Rourke, Henson ruin Silver's Oscar picks

84983466 Skilled political numbers cruncher Nate Silver had a point by predicting Mickey Rourke would win the Oscar for best actor -- Hollywood does love a comeback kid and the rehabbed Rourke fits the bill in spades. That story just couldn't outshine post-Prop 8 guilt or Sean Penn's transformative performance in "Milk."

But Silver really went off the rails by saying Taraji P. Henson would take home the best supporting actress Little Gold Man for "The Curious Case of Benjamin Button." (He made four -- out of six -- correct picks, but most everybody did).

Today, he tries to explain himself -- caution: the words heuristics and rulesets are used -- and takes a potshot at Rourke in the process:

"In the best actor category, we might also have learned a thing or two last night. Namely, it probably doesn't help to be a huge jackass to all of your peers when those peers are responsible for deciding whether you receive a major, life-altering award."

He means pre-rehab.

Sounds like a load of sour grapes to us (and a failure to take into account the long awards campaign and Rourke's valiant battle in it). Maybe Silver should reprogram that computer or skip Oscar prognosticating. It seems to have gotten his logarithms all riled up.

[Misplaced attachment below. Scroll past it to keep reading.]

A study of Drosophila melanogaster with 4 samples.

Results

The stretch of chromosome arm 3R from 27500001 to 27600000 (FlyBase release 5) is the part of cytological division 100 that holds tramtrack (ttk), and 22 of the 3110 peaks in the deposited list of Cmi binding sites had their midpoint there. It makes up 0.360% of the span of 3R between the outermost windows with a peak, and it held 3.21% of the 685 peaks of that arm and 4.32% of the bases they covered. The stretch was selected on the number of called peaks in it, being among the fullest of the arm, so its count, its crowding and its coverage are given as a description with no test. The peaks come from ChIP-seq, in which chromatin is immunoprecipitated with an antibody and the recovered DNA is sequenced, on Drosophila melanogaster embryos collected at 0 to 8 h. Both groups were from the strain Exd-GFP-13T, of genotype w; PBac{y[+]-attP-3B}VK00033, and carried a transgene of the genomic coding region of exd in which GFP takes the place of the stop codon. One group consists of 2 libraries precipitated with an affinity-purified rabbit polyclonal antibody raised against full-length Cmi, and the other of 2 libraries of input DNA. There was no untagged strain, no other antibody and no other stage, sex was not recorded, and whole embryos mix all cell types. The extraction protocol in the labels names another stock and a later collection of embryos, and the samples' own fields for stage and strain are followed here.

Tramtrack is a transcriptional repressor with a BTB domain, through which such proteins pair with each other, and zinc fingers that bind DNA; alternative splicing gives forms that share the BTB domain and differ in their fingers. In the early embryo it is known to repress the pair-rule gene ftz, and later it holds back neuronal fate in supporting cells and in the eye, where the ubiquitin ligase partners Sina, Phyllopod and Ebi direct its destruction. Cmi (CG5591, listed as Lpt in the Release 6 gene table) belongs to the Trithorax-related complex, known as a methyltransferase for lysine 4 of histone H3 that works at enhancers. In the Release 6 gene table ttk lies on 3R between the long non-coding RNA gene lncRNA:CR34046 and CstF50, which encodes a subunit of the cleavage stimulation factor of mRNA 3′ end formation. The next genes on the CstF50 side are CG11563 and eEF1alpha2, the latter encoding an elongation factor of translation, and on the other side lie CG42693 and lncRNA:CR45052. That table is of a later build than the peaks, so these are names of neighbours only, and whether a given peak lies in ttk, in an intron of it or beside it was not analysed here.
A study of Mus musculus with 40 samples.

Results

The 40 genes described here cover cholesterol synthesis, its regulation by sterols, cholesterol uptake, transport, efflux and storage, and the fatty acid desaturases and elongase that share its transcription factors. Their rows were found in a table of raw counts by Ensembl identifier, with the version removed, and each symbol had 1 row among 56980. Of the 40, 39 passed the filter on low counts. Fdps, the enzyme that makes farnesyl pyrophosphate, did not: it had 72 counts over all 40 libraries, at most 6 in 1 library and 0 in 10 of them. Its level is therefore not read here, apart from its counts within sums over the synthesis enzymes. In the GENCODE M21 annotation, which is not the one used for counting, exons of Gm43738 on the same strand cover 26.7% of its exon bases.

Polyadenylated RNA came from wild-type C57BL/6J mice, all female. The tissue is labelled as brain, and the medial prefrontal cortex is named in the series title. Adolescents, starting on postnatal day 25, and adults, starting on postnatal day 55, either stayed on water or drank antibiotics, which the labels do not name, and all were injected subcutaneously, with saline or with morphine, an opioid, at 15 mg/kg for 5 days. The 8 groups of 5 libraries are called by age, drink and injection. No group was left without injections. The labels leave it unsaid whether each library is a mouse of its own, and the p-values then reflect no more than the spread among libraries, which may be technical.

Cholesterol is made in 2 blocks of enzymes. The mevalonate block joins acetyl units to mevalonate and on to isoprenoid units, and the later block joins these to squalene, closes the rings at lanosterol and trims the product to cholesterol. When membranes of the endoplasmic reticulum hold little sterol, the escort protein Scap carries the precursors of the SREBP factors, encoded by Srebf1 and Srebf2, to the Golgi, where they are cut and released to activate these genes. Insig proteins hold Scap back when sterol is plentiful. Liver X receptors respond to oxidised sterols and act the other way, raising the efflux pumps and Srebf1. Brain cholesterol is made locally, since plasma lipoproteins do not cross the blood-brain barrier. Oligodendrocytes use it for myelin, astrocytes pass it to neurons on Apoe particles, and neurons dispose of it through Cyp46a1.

• So "The Dark Knight" didn't make it into the final five after all, never mind that critical and popular support. Let's just call the comic-inspired mega-hit "The Biggest Snubee."

    Here are the best picture contenders in a race that, two weeks away from the Oscars, seems to be a foregone conclusion ("Slumdog") unless there's a come-from-behind possibility ("The Reader" anyone?)

    "The Curious Case of Benjamin Button," with Brad Pitt and Cate Blanchett; the politically timely "Milk;" rags-to-riches fairy tale, "Slumdog Millionaire," Holocaust best-seller-based drama "The Reader," and Watergate-era biopic "Frost/Nixon."

    Could "Button" and "Slumdog" split the vote, allowing another film to take the prize? Doesn't seem likely. After having clung to "Button" for months as what we thought would be the Academy voters' top vhoice, our money's now on "Slumdog." Momentum can't be ignored.

    Watch this blog for updates, ephemera and all manner of postulating.